From Thom Hartmann Blog
The countries of the world that have the most stable economies and that suffer from the smallest boom and bust cycles are the countries with the highest tax rates on the very, very wealthy. The reason for that is that the government is functioning essentially as a stabilizer, so capitalist economies, there's just a fundamental truth about them. This is not a knock on capitalism, it's just the way it is.
Capitalist economies go in cycles of boom and bust. There are big cycles -- what's referred to as the 80-year cycle of major boom and bust -- and then there are smaller cycles which are sometimes referred to as the eight- to 10- year cycle of recession. Every roughly eight to 10 years there's a consequential recession.
And so when those depressions and recessions happen, a government that is well-funded -- in other words it has a broad enough and high enough tax base that the government has resources -- that government can spend money into the recession. They could build new roads, they can do new construction projects, they can build new sewer systems, they can build out high-speed Internet infrastructure.
The reason our government was doing that was because capitalism was in one of its cyclical failures, one of its cyclical crash modes. And government at that point needs to step in and stimulate the economy by putting as much money as possible at the bottom of the economy into the pockets of working people, which is exactly what FDR did, and it's how we got out of the Great Depression, between that and World War Two, which was the largest government stimulus in the history of the United States.
Wars are stimulative. It's not a good way to stimulate the economy because it's not long-term. If you build a hospital it stimulates the economy and continues for the next 50 years as a great revenue source and healing source. You build a bomb and it might cost the same as the hospital, but once you drop that bomb it's gone. The money is gone and the bomb is gone.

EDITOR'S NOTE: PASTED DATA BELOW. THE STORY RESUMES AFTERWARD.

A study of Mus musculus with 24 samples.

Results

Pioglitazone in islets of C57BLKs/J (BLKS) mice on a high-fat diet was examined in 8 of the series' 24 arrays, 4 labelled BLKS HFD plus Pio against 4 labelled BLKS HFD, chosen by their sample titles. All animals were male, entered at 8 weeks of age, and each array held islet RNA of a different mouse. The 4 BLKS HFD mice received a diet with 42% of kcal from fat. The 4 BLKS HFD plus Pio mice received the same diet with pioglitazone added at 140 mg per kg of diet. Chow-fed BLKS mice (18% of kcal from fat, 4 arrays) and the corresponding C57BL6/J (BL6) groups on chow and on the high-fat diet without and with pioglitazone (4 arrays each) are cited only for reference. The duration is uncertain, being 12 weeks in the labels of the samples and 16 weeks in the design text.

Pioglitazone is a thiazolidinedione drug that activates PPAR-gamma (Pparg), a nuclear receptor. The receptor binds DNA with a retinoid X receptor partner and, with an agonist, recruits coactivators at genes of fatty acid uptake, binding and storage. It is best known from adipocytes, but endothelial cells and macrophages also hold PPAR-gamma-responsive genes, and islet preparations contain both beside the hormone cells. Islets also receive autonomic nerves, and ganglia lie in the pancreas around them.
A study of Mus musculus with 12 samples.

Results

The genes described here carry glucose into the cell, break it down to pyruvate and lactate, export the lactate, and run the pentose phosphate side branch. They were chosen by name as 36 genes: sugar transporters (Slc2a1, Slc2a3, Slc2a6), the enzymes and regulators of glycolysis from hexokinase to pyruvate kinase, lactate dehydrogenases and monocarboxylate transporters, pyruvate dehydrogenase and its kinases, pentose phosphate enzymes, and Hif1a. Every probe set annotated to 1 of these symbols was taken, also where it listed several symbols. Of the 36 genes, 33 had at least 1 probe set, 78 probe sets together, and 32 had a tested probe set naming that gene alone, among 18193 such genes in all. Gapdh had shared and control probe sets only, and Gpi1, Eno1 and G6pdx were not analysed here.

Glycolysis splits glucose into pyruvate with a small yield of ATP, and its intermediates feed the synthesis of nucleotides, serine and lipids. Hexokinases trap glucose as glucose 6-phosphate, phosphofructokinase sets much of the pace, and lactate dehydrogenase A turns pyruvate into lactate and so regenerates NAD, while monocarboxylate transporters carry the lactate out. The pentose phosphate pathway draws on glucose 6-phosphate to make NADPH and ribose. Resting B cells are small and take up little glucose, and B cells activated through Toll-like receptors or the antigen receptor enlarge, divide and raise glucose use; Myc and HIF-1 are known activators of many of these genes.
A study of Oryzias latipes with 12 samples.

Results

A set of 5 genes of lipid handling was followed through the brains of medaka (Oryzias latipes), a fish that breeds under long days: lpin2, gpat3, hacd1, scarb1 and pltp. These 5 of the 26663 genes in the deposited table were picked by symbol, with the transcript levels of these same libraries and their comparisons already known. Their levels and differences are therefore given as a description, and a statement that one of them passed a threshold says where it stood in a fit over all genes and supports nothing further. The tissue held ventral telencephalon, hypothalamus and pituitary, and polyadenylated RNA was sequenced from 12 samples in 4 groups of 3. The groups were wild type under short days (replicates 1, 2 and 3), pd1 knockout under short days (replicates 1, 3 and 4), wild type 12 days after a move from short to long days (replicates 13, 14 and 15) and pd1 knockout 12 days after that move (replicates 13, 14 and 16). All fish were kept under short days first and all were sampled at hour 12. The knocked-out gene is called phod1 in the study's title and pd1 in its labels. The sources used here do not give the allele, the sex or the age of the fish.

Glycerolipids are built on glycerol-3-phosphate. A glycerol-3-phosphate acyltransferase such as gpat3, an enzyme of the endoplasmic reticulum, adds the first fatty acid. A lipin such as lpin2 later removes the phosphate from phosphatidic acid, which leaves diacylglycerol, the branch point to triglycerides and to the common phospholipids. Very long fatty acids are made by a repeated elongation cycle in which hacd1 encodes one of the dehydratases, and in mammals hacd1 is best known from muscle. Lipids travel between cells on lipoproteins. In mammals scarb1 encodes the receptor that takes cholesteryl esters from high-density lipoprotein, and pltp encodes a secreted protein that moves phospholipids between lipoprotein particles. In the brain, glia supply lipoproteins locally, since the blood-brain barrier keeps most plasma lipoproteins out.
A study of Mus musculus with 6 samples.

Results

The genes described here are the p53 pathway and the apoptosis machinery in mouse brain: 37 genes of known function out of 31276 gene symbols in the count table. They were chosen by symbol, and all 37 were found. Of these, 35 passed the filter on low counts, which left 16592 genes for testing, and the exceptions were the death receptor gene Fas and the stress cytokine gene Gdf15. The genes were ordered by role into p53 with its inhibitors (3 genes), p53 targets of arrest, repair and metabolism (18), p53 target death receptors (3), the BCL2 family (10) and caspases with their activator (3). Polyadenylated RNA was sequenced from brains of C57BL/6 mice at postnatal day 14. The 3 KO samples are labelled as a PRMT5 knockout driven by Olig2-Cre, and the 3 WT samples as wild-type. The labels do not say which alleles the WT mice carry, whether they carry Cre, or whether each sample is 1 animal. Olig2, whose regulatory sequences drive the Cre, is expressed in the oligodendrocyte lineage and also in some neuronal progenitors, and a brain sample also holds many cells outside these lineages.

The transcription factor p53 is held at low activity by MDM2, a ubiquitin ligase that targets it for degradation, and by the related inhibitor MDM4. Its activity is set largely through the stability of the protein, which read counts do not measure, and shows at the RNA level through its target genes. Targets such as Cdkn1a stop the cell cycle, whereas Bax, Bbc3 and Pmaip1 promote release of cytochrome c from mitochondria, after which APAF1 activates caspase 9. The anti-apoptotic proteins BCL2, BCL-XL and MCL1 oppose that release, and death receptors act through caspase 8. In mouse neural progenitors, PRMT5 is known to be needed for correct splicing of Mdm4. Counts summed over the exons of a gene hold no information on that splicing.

But my point is that those high tax rates -- and we haven't seen high tax rates since the 1980s -- I'm talking about over 50% on income over three million dollars a year, which is what we had in 1920. It's what we had in 1940, 1950, 1960, 1970 and 1980 and we no longer had after 1982.
Top tax rates over 50 percent stabilize the economy. They reduce the impact of recessions. And sure enough, in 1921 Warren Harding ran on a campaign of dropping the top tax rate on the richest in America from 91% down to 25%. He won the election and he dropped the top tax rate.
And what did it do? It started a bubble. It kicked off what we refer to as the roaring 20s, which was pure bubble fueled by rich people. It was a speculative stock and real estate bubble and that bubble burst. It started bursting in Florida in early 1928 and by the end of 1929 that property bubble had reached all the way to New York City and it took down the stock market.
And it was all fueled by the tax cut of 1921. So we saw that happening and for the next 30 years, literally for the next 30 years -- arguably the next 40 years -- no Republican was stupid enough to say, "we need to do what Harding did, let's create another Great Depression" until Reagan came along.
And Reagan passed two big tax cuts in '82 and '86 -- the first one dropped the top tax rate from 74% to 50%, the second one dropped it from 50% down to 25% and those two tax cuts then led to, in 1987, the biggest crash in the history of the stock market with the single exception of 1929.
Now the crash didn't last more than a few days -- the really severe part of it -- and the consequences of it, it was about a year long pain. But it wasn't just the crash.
The other thing that happened was that the growth of the middle class -- the bottom 60 percent of Americans in terms of wages and wealth -- was faster in the 40s, 50s, 60s and 70s than any time in the history of America, and the growth of the middle class was growing in wealth and income faster in the 50s 60s 70s up until the 1980s than the top 40%.